Friday, April 29, 2011

I Love Trouble (Cornell/Columbia, 1948)

by Mark Gabrish Conlan • Copyright © 2011 by Mark Gabrish Conlan • All rights reserved

The night before last Charles and I watched a movie we’d downloaded from called I Love Trouble, a really strange film that was the worst-quality item we’d ever got from the Internet: in addition to the splices (and resultant missing footage) we’re used to from public-domain items, there were portions in which the screen went all wavy and blurry, portions in which it blacked out altogether, and beginning about midway through the movie the picture and sound got inexplicably out of synchronization, with the soundtrack running ahead and the picture vainly trying to catch up with it, producing some hilarious results in which the men started speaking with the women’s voices and vice versa — the sort of thing that happened in the early days of Vitaphone when the sound was on a separate record (and a splice in the film or a scratch on the record could spell disaster) and was hilariously spoofed in Singin’ in the Rain but which one thought was relegated to history once sound-on-film replaced the sound-on-disc Vitaphone process.

It’s a pity because I Love Trouble comes across as a potentially good (if not great) film noir, in which private detective Stuart Bailey (Franchot Tone — the same character was later played by Efrem Zimbalist, Jr. in the 1958 film Girl on the Run and the subsequent TV show 77 Sunset Strip) is hired by a rich man to find the wife he married seven months earlier, who has now disappeared. The film was produced and directed by S. Sylvan Simon — not exactly the first name that comes to mind when one thinks of noir directors, but his work is surprisingly atmospheric and I especially liked his technique of showing phone conversations: an inset photo of the person the caller is talking to shows up on screen but as either a diagonal split-screen or just a ghostly image in one corner, rather than the straight-line split usually used to show both participants in a phone call — from a script by Roy Huggins, who’s probably best known today as the creator of the TV series The Fugitive, based on a novel he wrote called The Double Take.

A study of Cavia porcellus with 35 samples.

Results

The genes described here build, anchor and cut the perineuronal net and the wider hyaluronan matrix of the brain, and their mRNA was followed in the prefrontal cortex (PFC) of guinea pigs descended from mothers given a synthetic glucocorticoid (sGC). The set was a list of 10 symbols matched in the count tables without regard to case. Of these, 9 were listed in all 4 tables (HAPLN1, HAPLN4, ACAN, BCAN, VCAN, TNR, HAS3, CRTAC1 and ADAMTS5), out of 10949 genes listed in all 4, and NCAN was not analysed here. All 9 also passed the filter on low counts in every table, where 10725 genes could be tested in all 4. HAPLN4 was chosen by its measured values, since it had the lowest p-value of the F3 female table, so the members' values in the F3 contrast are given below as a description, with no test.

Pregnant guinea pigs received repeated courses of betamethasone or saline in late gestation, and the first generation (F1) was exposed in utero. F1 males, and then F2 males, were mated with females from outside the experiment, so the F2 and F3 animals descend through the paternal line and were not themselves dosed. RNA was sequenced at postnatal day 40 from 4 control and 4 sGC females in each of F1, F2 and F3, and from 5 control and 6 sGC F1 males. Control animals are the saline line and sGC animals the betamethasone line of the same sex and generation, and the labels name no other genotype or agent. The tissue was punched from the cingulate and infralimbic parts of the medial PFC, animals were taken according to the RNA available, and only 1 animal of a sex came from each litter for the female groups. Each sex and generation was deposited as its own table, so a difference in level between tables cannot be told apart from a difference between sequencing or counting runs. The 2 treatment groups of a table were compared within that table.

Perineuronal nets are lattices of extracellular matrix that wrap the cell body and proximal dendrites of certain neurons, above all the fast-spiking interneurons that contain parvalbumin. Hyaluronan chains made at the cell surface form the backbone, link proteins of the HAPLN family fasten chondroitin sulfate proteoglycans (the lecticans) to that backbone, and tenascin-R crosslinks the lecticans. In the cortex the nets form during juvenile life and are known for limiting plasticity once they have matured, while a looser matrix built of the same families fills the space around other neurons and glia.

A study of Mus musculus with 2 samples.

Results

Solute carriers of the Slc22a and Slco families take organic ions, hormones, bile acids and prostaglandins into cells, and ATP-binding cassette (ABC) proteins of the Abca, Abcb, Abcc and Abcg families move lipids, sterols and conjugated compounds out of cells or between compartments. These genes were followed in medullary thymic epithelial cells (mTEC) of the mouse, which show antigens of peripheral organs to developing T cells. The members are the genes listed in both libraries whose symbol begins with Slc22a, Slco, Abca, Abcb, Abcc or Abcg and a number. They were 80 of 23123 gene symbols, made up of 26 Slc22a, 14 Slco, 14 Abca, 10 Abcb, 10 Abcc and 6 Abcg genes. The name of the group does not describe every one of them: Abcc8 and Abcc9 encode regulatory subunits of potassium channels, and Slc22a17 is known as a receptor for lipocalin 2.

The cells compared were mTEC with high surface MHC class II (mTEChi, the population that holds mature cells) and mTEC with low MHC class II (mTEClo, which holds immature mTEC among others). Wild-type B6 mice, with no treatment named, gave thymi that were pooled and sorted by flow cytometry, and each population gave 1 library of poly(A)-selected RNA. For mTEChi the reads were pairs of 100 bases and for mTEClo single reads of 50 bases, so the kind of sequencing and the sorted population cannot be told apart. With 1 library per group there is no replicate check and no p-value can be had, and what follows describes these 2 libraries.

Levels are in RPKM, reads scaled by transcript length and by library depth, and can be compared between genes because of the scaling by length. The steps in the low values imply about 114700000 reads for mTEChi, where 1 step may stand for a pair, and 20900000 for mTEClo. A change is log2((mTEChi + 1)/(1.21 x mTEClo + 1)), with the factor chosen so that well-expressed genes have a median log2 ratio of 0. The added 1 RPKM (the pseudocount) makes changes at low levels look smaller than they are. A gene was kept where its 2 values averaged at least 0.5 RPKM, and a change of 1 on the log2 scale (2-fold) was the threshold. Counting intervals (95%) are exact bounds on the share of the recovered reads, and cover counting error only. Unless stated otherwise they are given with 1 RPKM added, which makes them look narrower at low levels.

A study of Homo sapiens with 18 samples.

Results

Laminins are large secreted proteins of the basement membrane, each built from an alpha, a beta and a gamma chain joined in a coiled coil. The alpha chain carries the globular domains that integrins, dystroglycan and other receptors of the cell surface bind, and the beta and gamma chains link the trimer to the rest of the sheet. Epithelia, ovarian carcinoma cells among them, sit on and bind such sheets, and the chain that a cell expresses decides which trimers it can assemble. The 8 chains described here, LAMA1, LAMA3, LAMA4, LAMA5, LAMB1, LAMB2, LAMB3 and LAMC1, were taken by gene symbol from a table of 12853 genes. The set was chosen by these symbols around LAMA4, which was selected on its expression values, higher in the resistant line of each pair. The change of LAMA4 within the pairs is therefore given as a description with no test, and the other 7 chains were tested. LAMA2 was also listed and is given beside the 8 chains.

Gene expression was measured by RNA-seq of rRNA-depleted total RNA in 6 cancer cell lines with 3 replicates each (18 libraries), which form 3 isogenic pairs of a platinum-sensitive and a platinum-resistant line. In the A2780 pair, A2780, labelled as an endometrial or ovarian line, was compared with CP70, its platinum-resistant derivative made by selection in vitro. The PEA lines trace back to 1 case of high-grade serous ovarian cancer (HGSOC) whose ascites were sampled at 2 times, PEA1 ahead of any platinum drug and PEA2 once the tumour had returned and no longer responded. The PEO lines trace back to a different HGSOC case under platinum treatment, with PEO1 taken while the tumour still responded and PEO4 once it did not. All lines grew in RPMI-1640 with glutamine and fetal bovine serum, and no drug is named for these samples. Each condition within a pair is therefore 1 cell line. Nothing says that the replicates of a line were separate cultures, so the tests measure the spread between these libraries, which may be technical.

The gimmick is that the wife, Jane Breeger (Janis Carter), is hiding in plain sight; Bailey spends a lot of time in Portland, where she was from, tracing her movements to L.A. — she’d been a stripper in Portland and when the authorities closed the club at which she worked, she moved to L.A. with comedian Buster Buffin (Sid Tomack) and they opened a club together, only he gets murdered and so do a lot of other people who once crossed her path, mainly because in the meantime she’s married yet another man, John Vega Caprillo (Eduardo Ciannelli), under yet another identity, and like Velma in Raymond Chandler’s Farewell, My Lovely she’s systematically eliminating anyone who could link her to her sordid past. At least that’s what I think this movie is about; watching it under such wretched conditions made Huggins’ already confusing plot line — this story is so convoluted The Big Sleep looks like a model of narrative clarity by comparison — almost totally incomprehensible.

The direction is surprisingly good for someone with as hacky a reputation as Simon, and though Tone isn’t in the Bogart/Powell/Mitchum/Ladd league as a noir hero he’s a lot better than a number of other actors who tried it at the height of the cycle, and he gets better as the movie goes on and his superficial demeanor in the opening scenes gets more (and more appropriately) serious. I’d like a chance to see this under better circumstances, and it’s frustrating to know that a much better print exists — Columbia Pictures, which co-produced this with an independent company called Cornell, struck a new one for the 2007 Noir City 5 film noir festival in San Francisco and it was shown there to great acclaim; one commentator on wrote enthusiastically, “This is a must-see for any film noir aficionado. Alas, it’s not yet on DVD and was never on VHS; if you see it coming on cable, Tivo it, tape it, miss work, skip your vacation, stand up your date, do what it takes as long as you DON’T MISS THIS GEM.” Just don’t watch it on this crappy download that utterly fails to do justice to this interesting, if not necessarily gemlike, film!